Despite age and rust, some cars will just keep on going long after their second, third and fourth owners have forgotten about them. Here are five gems which bring a new meaning to reliability.
1 - Mercedes-Benz W123 (1976-1984)
For many, the archetypal Mercedes is the W123, its square-edged styling being a common sight across the world. More than 2.5 million were produced in four-door saloon, estate and coupé form.
In the UK, it was the tough 200/230 four-cylinder petrol models that dominated sales. The cars were tough but not especially fast, even in six-cylinder form.
Today, the condition of a W123 is more of an indicator of its value than its engine or trim. However, coupés and estates do command a premium.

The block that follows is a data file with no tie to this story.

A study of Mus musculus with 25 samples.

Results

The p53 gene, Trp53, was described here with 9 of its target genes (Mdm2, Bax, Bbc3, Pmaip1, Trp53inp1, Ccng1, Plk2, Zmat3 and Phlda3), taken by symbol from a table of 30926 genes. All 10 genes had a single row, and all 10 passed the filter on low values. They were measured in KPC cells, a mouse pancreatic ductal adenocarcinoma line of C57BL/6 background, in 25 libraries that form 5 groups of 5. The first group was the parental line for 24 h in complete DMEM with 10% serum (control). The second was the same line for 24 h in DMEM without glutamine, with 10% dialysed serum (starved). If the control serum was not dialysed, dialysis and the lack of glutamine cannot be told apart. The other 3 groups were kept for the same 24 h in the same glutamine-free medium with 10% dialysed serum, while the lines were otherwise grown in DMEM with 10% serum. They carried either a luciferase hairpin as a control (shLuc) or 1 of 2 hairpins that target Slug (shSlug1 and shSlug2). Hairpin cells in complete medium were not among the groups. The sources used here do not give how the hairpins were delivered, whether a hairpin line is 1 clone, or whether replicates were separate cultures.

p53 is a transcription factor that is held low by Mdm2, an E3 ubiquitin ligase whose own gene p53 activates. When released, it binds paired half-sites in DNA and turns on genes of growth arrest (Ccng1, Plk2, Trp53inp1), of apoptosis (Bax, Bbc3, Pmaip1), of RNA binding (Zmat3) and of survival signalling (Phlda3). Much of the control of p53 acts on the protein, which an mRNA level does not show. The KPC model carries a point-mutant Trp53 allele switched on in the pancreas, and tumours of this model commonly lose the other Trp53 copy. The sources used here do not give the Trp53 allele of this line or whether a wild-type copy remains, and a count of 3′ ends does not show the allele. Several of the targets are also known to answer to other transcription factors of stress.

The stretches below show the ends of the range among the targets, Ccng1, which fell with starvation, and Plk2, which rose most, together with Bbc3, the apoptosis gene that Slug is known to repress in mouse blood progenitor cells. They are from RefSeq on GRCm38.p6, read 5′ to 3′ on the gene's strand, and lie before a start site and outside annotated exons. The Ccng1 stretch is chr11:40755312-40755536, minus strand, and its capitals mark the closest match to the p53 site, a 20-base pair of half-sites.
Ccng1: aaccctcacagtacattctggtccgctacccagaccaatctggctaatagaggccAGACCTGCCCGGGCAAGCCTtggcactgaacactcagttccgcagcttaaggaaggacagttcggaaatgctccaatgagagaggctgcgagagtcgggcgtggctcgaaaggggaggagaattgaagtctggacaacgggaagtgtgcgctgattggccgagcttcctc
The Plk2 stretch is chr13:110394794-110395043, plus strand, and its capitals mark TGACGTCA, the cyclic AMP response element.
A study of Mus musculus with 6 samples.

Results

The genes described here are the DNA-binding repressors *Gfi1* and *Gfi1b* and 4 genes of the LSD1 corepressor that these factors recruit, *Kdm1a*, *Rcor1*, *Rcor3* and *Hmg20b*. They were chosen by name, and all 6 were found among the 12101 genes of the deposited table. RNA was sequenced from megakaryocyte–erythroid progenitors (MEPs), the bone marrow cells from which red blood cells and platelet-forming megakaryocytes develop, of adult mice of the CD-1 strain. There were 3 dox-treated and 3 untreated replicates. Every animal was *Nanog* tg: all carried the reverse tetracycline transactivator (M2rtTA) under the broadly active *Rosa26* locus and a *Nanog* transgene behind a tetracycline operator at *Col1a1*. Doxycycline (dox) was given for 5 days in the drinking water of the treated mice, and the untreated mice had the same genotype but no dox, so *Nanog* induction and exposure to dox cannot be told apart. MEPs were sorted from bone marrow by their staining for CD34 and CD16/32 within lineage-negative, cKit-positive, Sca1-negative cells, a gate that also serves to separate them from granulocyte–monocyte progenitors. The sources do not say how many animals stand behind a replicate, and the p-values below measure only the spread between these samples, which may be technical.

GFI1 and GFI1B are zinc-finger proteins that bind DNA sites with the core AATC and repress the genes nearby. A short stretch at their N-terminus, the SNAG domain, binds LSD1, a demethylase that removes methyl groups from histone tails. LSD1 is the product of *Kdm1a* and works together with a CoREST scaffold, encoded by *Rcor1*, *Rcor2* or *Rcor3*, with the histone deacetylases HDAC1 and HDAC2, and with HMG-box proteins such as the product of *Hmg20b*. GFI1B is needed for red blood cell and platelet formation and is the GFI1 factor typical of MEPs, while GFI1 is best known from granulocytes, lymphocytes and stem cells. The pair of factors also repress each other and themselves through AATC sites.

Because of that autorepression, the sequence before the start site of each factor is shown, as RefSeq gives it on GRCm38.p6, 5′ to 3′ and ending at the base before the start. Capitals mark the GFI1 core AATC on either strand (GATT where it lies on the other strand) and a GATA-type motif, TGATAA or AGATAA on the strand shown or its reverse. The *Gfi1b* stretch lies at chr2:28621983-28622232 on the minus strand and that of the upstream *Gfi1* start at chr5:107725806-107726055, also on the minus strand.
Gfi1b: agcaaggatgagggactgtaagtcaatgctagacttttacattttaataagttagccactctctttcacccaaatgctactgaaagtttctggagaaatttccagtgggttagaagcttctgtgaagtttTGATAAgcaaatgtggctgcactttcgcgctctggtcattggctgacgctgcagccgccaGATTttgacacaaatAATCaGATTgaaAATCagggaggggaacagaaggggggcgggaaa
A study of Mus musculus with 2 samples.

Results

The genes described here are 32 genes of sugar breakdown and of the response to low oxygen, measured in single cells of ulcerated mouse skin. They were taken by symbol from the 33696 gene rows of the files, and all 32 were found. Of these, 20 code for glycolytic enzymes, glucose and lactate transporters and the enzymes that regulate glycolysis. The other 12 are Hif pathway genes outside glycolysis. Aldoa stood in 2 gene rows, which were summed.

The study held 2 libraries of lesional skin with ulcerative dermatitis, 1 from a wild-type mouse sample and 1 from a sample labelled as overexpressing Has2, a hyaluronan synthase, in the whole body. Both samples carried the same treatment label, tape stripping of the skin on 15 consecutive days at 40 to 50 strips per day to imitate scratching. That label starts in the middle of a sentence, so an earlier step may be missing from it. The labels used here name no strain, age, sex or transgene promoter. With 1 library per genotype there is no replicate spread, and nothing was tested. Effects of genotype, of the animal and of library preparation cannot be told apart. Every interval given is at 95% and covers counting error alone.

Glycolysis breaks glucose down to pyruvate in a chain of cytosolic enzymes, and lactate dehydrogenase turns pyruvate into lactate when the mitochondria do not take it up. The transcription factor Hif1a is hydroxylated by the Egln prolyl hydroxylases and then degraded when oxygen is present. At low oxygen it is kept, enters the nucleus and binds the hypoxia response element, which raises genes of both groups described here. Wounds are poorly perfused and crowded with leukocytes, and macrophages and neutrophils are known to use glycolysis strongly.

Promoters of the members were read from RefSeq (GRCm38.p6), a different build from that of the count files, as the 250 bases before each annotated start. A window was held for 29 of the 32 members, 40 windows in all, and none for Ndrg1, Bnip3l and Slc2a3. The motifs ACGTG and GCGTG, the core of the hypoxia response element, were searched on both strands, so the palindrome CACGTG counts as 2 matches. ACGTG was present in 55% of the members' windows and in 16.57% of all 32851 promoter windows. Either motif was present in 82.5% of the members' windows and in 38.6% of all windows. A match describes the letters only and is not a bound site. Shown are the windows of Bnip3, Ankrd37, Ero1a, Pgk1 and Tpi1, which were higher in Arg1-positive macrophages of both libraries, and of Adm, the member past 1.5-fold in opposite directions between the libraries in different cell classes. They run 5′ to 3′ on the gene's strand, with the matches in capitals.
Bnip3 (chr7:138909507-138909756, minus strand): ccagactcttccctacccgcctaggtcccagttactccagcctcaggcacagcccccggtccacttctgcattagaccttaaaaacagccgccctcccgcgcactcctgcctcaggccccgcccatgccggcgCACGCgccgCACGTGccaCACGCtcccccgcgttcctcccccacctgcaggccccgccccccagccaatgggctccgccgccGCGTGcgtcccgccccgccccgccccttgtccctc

You’re unlikely to find anything usable for under £2000 these days while exceptional cars will be ten times that. Expensive, true, but there are few classic cars less likely to leave you stranded.
2 - Volvo 200 Series (1974-1993)
Based on the previous generation 140, the 200 combined a host of innovative safety features with robust mechanicals. The four-pot engines need only minimal service attention and, compared with its contemporaries, the model has proved to be extremely rust resistant.
The 200 remained in production until 1993, but earlier models, with less electrical kit and no catalytic converters, are the most trouble-free. In terms of usability, the estate version still offers huge space and practicality, and prices reflect that. Scruffy examples may turn up for around £1000 but more cosseted cars can cost upwards of £3000.